With a 49 ring and a length of 7.6 inches, the H. Upmann Prominentes, scion of the H. Upmann 160th Aniversario humidor, is an intimidating smoke, no question about it. The nice, red, Colorado wrapper is slightly damaged – my own stupid fault, of course. While setting up my opening photograph, I tried to balance the cigar on the railing in order to capture something of the vista of treetops that I am overlooking, and a gust of wind caught me unawares and tossed the cigar down five meters or so to the tanbark flowerbed below. It could be worse, I suppose: I could have a pool down there. It’s a classic example of the reviewer’s hubris: this is a huge cigar, and over the four or so hours it’ll take to smoke, a tiny bit of wrapper damage could make a huge difference. I have changed the result by measuring it.
I light the thing, and if the wrapper damage is having an effect, it feels like it might be a positive one. Perhaps extra fresh air is being sucked in through the open side of the cigar and softening the smoke, in much the same way as certain old cars beat emissions tests by pumping fresh air out with their exhaust. The first flavours are divine, silky smooth, with as light a tobacco note as I’ve ever had. There is a thick, toffee sweetness, almost cloying, on the back of the palette.
Released in 2004, and hence relatively early in the anniversary humidor program, the H. Upmann 160th Aniversario humidor seems like one of Habanos S.A.’s more lacklustre efforts. It contains one hundred cigars in total: thirty each of the H. Upmann Connoisseur No. 1 and the H. Upmann No. 2 (both popular regular production sizes), and forty of this, the uniquely dimensioned Prominentes. As with all these humidors that contain production sizes, the question of whether they are just regular production cigars, plucked straight from the standard production line and placed in special boxes, or whether they are something special, perhaps the very highest quality that could be found in the regular production, or even some special blend made in the traditional sizes, must be asked. I’ll attempt to answer it in the next few weeks as I review those cigars, but the Prominentes is safe; she is a unique beast, and will live or die on her merits.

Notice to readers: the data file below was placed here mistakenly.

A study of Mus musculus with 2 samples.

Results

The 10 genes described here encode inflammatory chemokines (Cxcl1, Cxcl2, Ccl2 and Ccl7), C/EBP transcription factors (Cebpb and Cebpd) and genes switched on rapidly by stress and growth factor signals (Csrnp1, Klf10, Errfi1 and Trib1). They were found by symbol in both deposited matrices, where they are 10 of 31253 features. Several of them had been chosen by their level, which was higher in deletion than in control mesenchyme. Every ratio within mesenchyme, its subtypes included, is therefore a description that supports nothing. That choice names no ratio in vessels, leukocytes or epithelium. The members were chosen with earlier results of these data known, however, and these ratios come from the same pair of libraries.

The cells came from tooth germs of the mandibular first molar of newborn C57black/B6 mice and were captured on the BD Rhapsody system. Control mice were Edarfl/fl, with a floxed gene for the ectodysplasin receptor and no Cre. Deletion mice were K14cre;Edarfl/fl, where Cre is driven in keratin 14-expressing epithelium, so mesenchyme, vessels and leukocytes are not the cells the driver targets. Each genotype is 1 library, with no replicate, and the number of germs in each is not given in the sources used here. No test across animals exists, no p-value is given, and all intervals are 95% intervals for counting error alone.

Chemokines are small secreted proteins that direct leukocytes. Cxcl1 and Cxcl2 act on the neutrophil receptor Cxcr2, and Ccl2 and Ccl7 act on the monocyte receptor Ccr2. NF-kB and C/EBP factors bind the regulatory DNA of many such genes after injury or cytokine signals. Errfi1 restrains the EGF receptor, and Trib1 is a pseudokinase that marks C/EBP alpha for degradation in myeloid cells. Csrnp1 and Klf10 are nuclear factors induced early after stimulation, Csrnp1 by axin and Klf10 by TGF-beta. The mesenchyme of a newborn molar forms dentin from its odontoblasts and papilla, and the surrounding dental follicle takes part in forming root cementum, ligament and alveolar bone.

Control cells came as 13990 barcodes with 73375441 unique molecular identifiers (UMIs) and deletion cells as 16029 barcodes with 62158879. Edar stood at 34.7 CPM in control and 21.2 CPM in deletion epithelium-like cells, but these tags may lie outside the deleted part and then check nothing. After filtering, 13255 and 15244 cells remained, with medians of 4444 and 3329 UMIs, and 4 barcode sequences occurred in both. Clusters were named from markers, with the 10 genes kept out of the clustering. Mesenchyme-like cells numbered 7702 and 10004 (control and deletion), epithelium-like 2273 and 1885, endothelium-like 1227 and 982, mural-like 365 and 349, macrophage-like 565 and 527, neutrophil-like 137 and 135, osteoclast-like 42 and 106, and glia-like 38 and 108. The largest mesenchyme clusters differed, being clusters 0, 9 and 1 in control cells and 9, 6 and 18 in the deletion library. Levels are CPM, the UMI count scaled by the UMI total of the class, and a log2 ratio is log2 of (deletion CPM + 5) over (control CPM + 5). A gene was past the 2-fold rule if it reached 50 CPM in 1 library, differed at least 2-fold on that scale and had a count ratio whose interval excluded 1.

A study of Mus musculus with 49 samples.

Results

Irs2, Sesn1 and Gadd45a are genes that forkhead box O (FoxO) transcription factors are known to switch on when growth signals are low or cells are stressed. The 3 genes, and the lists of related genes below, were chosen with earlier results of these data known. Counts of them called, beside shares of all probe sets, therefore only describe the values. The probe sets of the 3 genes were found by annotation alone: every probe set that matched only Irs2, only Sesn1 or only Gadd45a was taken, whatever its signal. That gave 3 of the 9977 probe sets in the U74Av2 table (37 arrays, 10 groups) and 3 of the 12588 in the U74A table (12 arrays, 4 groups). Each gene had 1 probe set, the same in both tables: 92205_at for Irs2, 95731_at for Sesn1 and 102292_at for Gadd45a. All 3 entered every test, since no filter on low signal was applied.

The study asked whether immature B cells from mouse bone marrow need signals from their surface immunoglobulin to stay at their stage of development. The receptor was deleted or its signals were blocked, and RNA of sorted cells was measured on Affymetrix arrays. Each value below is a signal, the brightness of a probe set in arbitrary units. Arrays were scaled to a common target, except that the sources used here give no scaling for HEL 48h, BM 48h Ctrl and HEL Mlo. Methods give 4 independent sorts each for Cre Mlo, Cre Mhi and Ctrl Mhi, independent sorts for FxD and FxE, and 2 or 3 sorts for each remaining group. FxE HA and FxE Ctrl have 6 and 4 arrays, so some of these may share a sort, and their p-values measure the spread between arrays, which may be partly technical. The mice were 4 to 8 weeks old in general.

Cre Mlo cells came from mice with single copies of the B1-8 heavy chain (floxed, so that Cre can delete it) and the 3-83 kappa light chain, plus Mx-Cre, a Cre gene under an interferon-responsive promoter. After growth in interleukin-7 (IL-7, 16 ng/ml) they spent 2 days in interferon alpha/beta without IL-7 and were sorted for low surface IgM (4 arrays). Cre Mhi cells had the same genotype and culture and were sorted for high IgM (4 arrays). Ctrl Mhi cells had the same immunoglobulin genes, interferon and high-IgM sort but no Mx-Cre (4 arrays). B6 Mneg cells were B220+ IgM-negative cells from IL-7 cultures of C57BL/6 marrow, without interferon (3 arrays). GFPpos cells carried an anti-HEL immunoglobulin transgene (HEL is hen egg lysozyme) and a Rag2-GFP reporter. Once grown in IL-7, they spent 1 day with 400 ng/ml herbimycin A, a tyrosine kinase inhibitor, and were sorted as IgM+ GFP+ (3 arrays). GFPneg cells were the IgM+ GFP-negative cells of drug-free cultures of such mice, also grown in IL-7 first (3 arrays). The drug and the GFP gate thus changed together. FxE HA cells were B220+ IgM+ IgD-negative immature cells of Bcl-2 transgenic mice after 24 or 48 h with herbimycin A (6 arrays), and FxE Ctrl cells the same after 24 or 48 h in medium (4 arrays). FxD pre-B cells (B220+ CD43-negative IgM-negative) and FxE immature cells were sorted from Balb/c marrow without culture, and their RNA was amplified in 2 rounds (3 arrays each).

The box itself – a squat tower with three drawers behind a glass door – is nice, but not especially imaginative, and resembles nothing so much as the little display humidor that sits on the end of the counter at every 7-11 and decent liquor store. One can only hope that unlike those humidors, the Upmann 160s of the world are not kept constantly at either 100% or ambient humidity. If the cigars it contains are not particularly unique, and the humidor is not especially interesting, then who, I wonder, is the target market for these things? Is Habanos really cynical enough to release a product entirely for people who collect for collecting’s sake? In my travels throughout the community of high end cigar aficionados, I’ve met very few who pick and choose their commemorative humidors, buying only particularly lovely examples from their favourite brands. They either buy none, or they buy everything, and usually by the dozen. I would estimate that the 160 examples of this humidor have fewer than twenty owners.
At least the bands are nice, a tasteful riff on the classic Upmann band, with bright shiny gold in place of the usual dull brown one.
At the mid-point the cigar has thickened, and the smoke has become a little harsh. The taste is very woody, a component of freshly felled sapling. There is an ashy component to it I don’t particularly care for. I blow out forcefully through the cigar for a few seconds to remove any stale smoke and ash that has worked its way into the centre of the cigar. This cleans it up somewhat, but doesn’t add a huge amount beyond a slightly grassy flavour. The construction is fine, the burn very even, but the ash falls extremely easily; it has twice fallen on my pants at a length of no more than a centimetre each time and with no particular provocation. I finish my Stella Artois and switch to a brandy and ginger beer (I’m out of rum), in the hope that the sweetness will knock off the rough edges. It removes the roughness, but does little for the complexity – if anything, the sugar will dull my palette and mask some of the subtler notes, although there’s precious little to mask at this particular juncture.
Into the final third and the cigar is still mild with a slightly dirty edge to it, and no particular flavour to speak of. We’re past the point where the wrapper was damaged now, so that can’t be to blame any more. The cigar this reminds me of most is the Hoyo de Monterrey Extravaganza, the 2003 Colección Habanos entry: there’s nothing particularly negative I can say about it, it doesn’t taste like soap, rubber, or chemical solvents, but it doesn’t taste of too much else either. This would be a great long cigar to have in your hand at a poker night or at a long afternoon barbecue with friends – anything where your focus was not 100% on the smoke. It is mild and inoffensive, but unfortunately given the rarity and cost of cigars like these, few will be smoked lightly, and you have to expect more from them.
This falls on the low end of Upmann exotics. I rate it better than the Petite Coronas, but not much better, and were I to develop some kind of price to quality index, this cigar would do very poorly indeed.